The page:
Need to raise money for your killer business idea?
Crowdfunding has emerged as a popular way among startups and entrepreneurs to attract funds for a new product or service. And perhaps our recent roundup of top crowdfunding sites for entrepreneurs has motivated you to give it a shot.
Like with any business endeavor, crowdfunding could lead to big rewards but it's not without its risks.
Hitting it out of the park on a crowdfunding site can dramatically improve your startup's chances for success. It's not a bad way to make a name for yourself and your company, either.
However, failure to spark interest in your project brings with it more than a sense of crushing disappointment. You could wind up losing a good amount of time and money pursuing the patronage of the Internet at large.
Plus, you may have just poisoned the market against your own innovation by publicizing your project to shady parties that have no qualms about copying your ideas.
Crowdfunding can be an exciting and rewarding way to quickly raise funds. Here are some pointers to keep in mind before going that route.
In June, Andrew Lock shared some insights on Kickstarter for Small Business Computing. If you want the lay of the land, it's a great start.
While Kickstarter places a premium on creative projects, its formula has been adopted by other crowdfunding sites regardless of specialization. The process is fairly straightforward, explains Lock. Fund seekers prepare their pitches -- including an online video -- set a monetary goal and register their project with Kickstarter.
Sounds easy, but it's not a decision to make lightly. Like starting a new business, launching a crowdfunded project takes dedication and the discipline to follow through.
That means generating spiffy video and polished promotional copy that entice and delight. Depending on your level of online marketing expertise, you may have to invest some money to produce these promotional assets.
Once that's done, it's not a set-it-and-forget-it process. Prepare yourself for regular status updates to keep the buzz going. Social media factors heavily in the proceedings, so expect to spend time engaging with potential funders on Facebook, Twitter, Pinterest and Google+.
Funding periods typically fall into the 30-day range. If the goal isn't met, no harm no foul. Folks that pledge their money aren't charged a dime on their credit cards, and project owners are back to where they started, perhaps a little wiser for the experience.
If the funding goal is met, entrepreneurs get their windfall -- minus the crowdfunding site's cut. It's cause to celebrate, but those funds usually come with strings attached.
On the Hook
Another aspect of crowdfunding sites is rewards. In much the same way that pledging a certain dollar amount to your local PBS station earns you a Blu-ray of a compelling documentary, some crowdfunding sites encourage project owners to offer rewards.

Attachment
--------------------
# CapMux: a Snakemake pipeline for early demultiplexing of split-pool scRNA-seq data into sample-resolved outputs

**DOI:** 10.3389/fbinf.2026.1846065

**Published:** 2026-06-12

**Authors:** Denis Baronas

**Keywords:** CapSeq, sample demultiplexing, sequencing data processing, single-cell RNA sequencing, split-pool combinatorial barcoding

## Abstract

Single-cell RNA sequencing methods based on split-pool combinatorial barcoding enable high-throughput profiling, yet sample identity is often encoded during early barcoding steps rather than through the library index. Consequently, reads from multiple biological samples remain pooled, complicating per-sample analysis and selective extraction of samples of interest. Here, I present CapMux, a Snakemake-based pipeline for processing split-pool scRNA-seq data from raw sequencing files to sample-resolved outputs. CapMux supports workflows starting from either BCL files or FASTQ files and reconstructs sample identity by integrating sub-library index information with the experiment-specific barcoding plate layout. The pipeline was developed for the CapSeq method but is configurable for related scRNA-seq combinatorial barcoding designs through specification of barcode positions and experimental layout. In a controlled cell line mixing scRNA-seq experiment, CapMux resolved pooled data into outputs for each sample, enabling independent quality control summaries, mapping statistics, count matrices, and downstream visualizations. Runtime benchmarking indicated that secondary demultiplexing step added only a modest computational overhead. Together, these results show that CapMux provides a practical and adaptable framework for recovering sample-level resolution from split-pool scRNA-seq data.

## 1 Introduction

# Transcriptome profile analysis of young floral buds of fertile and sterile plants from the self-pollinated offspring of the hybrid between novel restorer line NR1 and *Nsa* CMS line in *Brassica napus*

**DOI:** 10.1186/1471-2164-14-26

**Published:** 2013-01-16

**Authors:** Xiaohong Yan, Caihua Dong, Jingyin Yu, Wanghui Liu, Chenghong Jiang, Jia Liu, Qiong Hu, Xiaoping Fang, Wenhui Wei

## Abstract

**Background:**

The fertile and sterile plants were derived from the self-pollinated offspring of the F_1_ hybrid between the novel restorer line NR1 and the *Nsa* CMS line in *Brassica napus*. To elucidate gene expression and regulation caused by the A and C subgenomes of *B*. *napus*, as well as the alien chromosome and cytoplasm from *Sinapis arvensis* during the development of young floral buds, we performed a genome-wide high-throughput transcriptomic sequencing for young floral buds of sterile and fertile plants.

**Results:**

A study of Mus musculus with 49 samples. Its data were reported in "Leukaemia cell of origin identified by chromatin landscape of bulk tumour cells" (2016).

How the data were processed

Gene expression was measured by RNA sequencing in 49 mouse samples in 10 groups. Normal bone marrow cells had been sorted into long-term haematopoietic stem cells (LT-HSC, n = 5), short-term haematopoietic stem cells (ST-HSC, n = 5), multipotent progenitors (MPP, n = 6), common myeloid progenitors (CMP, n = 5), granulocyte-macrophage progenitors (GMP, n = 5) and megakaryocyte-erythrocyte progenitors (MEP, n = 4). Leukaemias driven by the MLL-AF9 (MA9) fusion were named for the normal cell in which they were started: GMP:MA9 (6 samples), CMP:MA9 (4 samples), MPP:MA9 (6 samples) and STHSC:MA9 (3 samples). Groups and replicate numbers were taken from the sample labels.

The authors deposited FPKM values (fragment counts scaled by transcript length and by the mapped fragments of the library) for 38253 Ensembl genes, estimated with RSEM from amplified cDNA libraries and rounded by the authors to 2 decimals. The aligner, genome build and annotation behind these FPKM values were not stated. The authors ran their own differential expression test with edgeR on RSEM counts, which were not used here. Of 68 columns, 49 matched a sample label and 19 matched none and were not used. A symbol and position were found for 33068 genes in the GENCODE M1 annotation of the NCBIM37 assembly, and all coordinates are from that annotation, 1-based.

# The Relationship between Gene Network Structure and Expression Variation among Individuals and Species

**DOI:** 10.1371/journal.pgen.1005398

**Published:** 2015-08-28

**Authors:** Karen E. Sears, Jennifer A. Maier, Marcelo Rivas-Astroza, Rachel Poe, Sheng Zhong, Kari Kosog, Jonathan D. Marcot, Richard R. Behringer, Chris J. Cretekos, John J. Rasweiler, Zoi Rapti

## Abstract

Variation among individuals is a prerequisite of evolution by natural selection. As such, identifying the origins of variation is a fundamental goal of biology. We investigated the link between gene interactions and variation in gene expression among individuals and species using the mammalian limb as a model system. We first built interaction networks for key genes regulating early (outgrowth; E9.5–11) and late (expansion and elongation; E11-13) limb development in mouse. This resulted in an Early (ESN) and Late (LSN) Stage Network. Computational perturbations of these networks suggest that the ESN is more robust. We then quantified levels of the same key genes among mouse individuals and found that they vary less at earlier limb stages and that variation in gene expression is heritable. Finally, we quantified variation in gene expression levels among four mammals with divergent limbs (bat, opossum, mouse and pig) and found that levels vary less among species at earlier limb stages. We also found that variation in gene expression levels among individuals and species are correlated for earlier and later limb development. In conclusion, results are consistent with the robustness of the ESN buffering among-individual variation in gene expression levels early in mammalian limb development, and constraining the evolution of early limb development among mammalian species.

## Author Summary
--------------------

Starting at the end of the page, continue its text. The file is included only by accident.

Popular rewards include stickers, T-shirts, first dibs on a product or service; the options are nearly limitless. It's a tried and true way of driving up the pledge count. It also means that in some respects, your small business has just landed its first customers.
The trick is to balance compelling rewards with the ability to deliver them. And to attract big donations, it may mean you have to sweeten the pot.
For instance, if your finances allow, consider giving big-dollar donors first crack at the initial run of your product at a deeply discounted price. It's a way to build both anticipation for your product and goodwill.
Don't go overboard, however. Make sure that any perks that you offer have a negligible impact on the bottom line. All the fundraising in the world won't help if there isn't money left over to pay the bills.
Protect Your IP
Finally, let's tackle the thorny topic of intellectual property (IP). As the recent Apple vs. Samsung case showed us, intellectual property -- patents in this case -- can set off huge legal fireworks.
When two big corporations go to war in the courts, they generally have the resources to see it through to the end. Small businesses rarely have the resources to fight a protracted court case.
When you're seeking capital for a new idea on a crowdfunding site, you're putting your innovation out there for all to see. Look deep into a crowdfunding site's terms of service, and you're guaranteed to find a clause that exempts the site from any legal responsibility should some unscrupulous party copy your idea.
So it's up to you to file the necessary patents, copyrights and trademarks. Small business owners have free and cheap legal services at their disposal, so it's worth the effort to protect the IP that could wind up becoming the foundation of a thriving new business.
And despite the "share everything," social media-enabled nature of crowdfunding platforms, don't feel compelled to overshare.
Be selective in your disclosures. This includes keeping trade secrets under wraps and showing restraint in publishing specifications, artwork, diagrams, product shots and videos. The goal is to offer consumers a good sense of what a product or service is all about while denying experts the crucial technical aspects that they can use to replicate your idea.